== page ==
Ontario’s Freedom of Information and Protection of Privacy Act (FIPPA), which came into effect on January 1, 1988, establishes an Information and Privacy Commissioner (IPC) as an officer of the Legislature. The Commissioner is appointed by and reports to the Legislative Assembly of Ontario and is independent of the government of the day.
The term “freedom of information” refers to public access to general records relating to the activities of government, ranging from administration and operations to legislation and policy. It is an important aspect of open and accountable government. Privacy protection is the other side of that equation, and refers to the safeguarding of personal information held by government.

FIPPA applies to all provincial ministries and most provincial agencies, boards and commissions, as well as to universities and colleges of applied arts and technology. The Municipal Freedom of Information and Protection of Privacy Act (MFIPPA), which came into effect January 1, 1991, broadened the number of public institutions covered by Ontario’s freedom of information and privacy legislation. It covers local government organizations, such as municipalities, police, library, health and school boards, and transit commissions.

The Personal Health Information Protection Act, 2004 (PHIPA), came into force on November 1, 2004, and governs the collection, use and disclosure of personal health information within the health-care system. It is the third of the three provincial laws that the IPC oversees.

Together, these three Acts establish rules about how government organizations and health information custodians may collect, use, and disclose personal data. They also establish a right of access that enables individuals to request their own personal information and have it corrected if necessary.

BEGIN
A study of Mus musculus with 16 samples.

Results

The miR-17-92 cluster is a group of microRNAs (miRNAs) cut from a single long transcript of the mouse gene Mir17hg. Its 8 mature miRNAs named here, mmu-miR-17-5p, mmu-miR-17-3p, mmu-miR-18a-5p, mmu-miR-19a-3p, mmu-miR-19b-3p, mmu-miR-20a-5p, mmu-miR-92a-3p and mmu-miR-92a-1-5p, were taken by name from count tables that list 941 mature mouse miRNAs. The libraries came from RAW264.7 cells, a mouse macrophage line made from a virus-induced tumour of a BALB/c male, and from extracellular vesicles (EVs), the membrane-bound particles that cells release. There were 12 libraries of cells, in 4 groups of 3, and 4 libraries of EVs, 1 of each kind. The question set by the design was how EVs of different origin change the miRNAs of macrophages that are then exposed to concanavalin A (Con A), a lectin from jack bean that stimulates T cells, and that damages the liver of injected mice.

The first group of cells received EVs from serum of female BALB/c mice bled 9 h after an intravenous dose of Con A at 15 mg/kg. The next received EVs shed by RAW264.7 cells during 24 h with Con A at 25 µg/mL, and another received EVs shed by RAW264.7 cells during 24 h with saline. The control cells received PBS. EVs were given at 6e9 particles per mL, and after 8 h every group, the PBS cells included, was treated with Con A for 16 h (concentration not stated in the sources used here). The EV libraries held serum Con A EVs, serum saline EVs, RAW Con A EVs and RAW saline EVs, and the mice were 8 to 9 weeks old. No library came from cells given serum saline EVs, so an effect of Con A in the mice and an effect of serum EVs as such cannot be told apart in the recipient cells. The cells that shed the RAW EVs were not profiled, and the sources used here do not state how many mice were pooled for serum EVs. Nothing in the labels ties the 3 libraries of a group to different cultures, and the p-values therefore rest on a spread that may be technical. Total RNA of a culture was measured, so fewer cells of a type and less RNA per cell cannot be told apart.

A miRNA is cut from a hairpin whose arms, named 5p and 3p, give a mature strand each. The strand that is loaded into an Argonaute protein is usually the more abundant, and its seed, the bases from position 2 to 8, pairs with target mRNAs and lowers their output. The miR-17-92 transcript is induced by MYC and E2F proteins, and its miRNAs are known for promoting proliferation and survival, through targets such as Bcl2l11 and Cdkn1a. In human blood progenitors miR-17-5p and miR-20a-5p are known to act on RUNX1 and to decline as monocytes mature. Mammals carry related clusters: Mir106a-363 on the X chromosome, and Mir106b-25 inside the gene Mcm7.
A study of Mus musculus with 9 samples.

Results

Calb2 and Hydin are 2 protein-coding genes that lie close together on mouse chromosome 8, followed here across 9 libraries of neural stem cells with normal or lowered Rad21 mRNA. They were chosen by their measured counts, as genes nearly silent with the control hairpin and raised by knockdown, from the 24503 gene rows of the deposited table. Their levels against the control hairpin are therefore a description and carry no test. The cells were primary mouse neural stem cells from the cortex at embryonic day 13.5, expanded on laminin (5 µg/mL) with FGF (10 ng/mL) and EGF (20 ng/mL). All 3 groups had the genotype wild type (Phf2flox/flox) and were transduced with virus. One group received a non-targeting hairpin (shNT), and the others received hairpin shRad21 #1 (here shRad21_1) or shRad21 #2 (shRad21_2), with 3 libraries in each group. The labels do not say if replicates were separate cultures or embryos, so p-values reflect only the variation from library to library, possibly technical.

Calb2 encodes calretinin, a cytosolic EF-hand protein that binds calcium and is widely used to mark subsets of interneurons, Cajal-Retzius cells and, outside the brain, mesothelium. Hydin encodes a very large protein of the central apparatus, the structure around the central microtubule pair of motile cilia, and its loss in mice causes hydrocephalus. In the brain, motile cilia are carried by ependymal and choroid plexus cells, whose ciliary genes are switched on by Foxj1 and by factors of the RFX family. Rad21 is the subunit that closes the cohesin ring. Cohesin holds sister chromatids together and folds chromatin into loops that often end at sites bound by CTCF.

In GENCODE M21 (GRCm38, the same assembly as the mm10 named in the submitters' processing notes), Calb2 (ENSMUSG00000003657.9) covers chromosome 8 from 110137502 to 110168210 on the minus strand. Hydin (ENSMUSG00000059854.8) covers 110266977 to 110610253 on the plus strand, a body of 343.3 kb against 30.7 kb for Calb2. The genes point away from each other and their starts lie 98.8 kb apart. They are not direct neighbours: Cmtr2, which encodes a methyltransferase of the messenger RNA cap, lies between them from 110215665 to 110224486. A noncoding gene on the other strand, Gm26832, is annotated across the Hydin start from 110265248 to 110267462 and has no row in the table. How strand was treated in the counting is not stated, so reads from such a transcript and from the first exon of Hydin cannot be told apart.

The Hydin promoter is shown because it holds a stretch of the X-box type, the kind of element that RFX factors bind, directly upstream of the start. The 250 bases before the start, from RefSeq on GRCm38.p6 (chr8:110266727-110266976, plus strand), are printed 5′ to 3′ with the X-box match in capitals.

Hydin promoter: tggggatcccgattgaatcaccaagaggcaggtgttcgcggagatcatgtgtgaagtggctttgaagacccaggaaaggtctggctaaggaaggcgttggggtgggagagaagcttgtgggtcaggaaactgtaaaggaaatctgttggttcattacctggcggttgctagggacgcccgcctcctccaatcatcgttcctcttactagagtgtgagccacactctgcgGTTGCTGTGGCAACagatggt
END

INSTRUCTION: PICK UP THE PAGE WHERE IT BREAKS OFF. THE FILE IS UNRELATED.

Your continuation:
The Commissioner plays a crucial role under each of the three Acts. In general terms, the Commissioner’s mandate is to:

  • independently review the decisions and practices of government organizations concerning access and privacy;
  • independently review the decisions and practices of health information custodians in regard to personal health information;
  • conduct research on access and privacy issues;
  • provide comment and advice on proposed government legislation and programs;
  • review the personal health information policies and practices of certain entities under PHIPA; and
  • help educate the public about Ontario’s access, privacy and personal health information laws and related issues.

The Commissioner delivers on this mandate by fulfilling seven key roles:

  • resolving appeals when government organizations refuse to grant access to information;
  • investigating privacy complaints related to government-held information;
  • ensuring that government organizations comply with the Acts;
  • conducting research on access and privacy issues and providing advice on proposed government legislation and programs;
  • educating the public about Ontario’s access, privacy and personal health information laws and access and privacy issues;
  • investigating complaints related to personal health information; and
  • reviewing policies and procedures, and ensuring compliance with PHIPA.

In accordance with the Acts, the Commissioner has delegated some decision-making powers to her staff. Thus, the Assistant Commissioner (Privacy), Assistant Commissioner (Access) and other designated staff may issue orders, resolve appeals, and investigate privacy complaints.